RE: virus: C of V: Another Religion

David Rosdeitcher (
30 Jan 97 23:14:33 EST

Hi. I've been getting a variety of responses from my post entitled: C of V:
Another Religion. This is a very active and interesting list and I'd like to
reply to the feedback I got so far.
This post will show:
1.The problem with all attempts so far to refute Rand's axioms.
2. Why the concept of 'things are what they are' is not only a useful concept
but is necessary and valuable.
3. Why the philosophy of objectivism will ultimately dominate cyberspace
Darwinian natural selection.
When I made the suggestion that the CoV is like a religion in which memes
are a higher power, some people (ie Dave M, and Gay) explained that just
memes are an influence doesn't mean people are slaves to them. And, that it
is a
good concept to use in order to understand the spread of ideas and behaviors.
This I agree with.
However, others seemed to imply that memes do, in fact, control
individuals, as if it were a higher power. These people, in response to my
explanation of why this contradicts Rand's irrutable axioms, decided to attack
the axioms.
Attacking Rand's axioms cannot work. For instance, the notion that
there is
an external reality out there was implied by all who attacked this notion.
R dismissed this idea while implicitly stating "there's this guy out there
taking axioms as absolute when they're not". Similarly, Richard B dismissed
'existence' as a 'meme distinction' while making an implicit claim that
"there's a situation out there where someone is treating 'distinction memes'
like it's not just an invention of the mind". A few other people made the same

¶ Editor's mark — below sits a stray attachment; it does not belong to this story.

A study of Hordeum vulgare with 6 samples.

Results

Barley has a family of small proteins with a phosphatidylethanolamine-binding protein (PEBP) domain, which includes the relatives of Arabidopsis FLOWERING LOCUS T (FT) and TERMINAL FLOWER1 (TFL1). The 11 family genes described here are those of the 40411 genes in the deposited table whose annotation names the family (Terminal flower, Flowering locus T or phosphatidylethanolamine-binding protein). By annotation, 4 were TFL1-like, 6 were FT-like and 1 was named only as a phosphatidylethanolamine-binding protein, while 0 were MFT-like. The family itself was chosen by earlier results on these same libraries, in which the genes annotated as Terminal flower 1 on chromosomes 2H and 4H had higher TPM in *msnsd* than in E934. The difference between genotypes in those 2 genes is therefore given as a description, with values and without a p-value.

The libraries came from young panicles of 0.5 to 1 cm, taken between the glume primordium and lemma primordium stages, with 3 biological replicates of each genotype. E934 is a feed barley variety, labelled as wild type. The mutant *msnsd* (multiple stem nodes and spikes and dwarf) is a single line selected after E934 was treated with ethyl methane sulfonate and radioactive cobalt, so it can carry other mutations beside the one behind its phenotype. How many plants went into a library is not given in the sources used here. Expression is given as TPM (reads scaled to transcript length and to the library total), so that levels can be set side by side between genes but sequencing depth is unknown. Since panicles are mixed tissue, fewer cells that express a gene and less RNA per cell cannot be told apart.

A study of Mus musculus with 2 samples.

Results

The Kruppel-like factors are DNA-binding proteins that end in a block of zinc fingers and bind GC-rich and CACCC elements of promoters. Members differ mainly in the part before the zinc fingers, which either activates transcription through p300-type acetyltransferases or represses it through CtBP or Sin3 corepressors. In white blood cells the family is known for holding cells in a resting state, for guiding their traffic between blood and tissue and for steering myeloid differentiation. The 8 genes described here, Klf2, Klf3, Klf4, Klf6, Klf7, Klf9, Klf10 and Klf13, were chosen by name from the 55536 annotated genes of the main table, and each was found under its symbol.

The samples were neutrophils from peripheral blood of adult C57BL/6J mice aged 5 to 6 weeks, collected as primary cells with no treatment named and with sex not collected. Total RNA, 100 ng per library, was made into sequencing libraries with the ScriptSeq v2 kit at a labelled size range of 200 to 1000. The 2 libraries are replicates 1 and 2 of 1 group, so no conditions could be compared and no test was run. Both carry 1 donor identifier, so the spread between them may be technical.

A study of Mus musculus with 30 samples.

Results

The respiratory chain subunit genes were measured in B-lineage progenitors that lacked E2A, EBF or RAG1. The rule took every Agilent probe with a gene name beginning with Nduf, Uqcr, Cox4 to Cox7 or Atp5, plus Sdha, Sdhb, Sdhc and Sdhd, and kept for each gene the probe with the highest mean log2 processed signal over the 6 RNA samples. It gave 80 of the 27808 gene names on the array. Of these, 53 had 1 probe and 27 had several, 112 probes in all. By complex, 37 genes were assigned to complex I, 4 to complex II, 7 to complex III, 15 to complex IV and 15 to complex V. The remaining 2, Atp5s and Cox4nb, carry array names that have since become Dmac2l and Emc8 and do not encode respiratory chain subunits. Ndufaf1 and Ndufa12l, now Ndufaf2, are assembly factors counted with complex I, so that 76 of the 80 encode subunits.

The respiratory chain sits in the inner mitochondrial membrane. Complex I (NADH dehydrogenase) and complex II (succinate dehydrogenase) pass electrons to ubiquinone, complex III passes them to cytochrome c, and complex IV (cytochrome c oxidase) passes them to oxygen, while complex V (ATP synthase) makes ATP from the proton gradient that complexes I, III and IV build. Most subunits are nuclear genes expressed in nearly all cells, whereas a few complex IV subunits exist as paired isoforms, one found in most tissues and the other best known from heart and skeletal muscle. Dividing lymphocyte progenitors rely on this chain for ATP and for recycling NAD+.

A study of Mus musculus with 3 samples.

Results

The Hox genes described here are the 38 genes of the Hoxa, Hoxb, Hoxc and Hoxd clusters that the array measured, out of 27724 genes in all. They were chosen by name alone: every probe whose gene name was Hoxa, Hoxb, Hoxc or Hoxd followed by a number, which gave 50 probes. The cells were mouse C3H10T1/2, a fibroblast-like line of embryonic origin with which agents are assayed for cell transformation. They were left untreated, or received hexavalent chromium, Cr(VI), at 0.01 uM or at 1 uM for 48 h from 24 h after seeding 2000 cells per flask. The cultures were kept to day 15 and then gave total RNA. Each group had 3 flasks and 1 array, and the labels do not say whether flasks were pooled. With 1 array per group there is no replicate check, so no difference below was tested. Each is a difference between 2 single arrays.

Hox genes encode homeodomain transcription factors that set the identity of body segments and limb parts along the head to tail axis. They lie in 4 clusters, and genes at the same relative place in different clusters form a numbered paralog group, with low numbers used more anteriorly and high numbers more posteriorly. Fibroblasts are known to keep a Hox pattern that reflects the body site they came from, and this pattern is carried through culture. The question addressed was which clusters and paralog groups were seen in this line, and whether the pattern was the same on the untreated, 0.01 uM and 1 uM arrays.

mistake of refuting their own statements.
Vicki made an interesting point that axioms can change, depending on
context. And, she gave an good example of how Euclidean geometry has different
axioms than the new and improved non-Euclidean geometry. However, this
change of
axioms does not apply to philosophy because in philosophy there is only 1
context -the context of existence and human knowledge. (I think Bertrand
made a similar mistake of "creating his own logic" because it was
possible to start out with different assertions.)
Tim R. made, in my opinion, a great attempt to attack the
axioms-particularly, the notion that "things are what they are" or "A is
A", by
acting like a human contradiction. First he says the post isn't worth
to but he responded anyway. Then, first he argued that there is no free
will and
then he argued that there is free will. He took a position that 'A is not
A' and
then dramatized it.
Richard made an argument that free will is not necessary to try to improve
yourself and gave an example that Windows '95 has programs that correct its
mistakes. The problem with this argument is- who activates the programs,
and who
activates the activators-it is an infinite regression that must come down to
individual free will.
Why are these axioms like 'things are what they are' important and
does this have to do with memetics? In a nutshell, if you understand that
are no contradictions, then you can identify and eliminate 'good memes'
that are
bad or false. Furthermore, this would make it possible to know when certain
dishonest people manipulate others through 'good memes'.
Objectivism will dominate cyberspace through natural selection. Most
will acknowledge when something is logically true or false, (like Thadeusz who
pointed out that the 'distinction-meme' idea was self-refuting and Dan P who
showed why axioms are valid.) Also, when hoaxes are exposed, people won't
to them. In cyberspace, irrationality gets busted.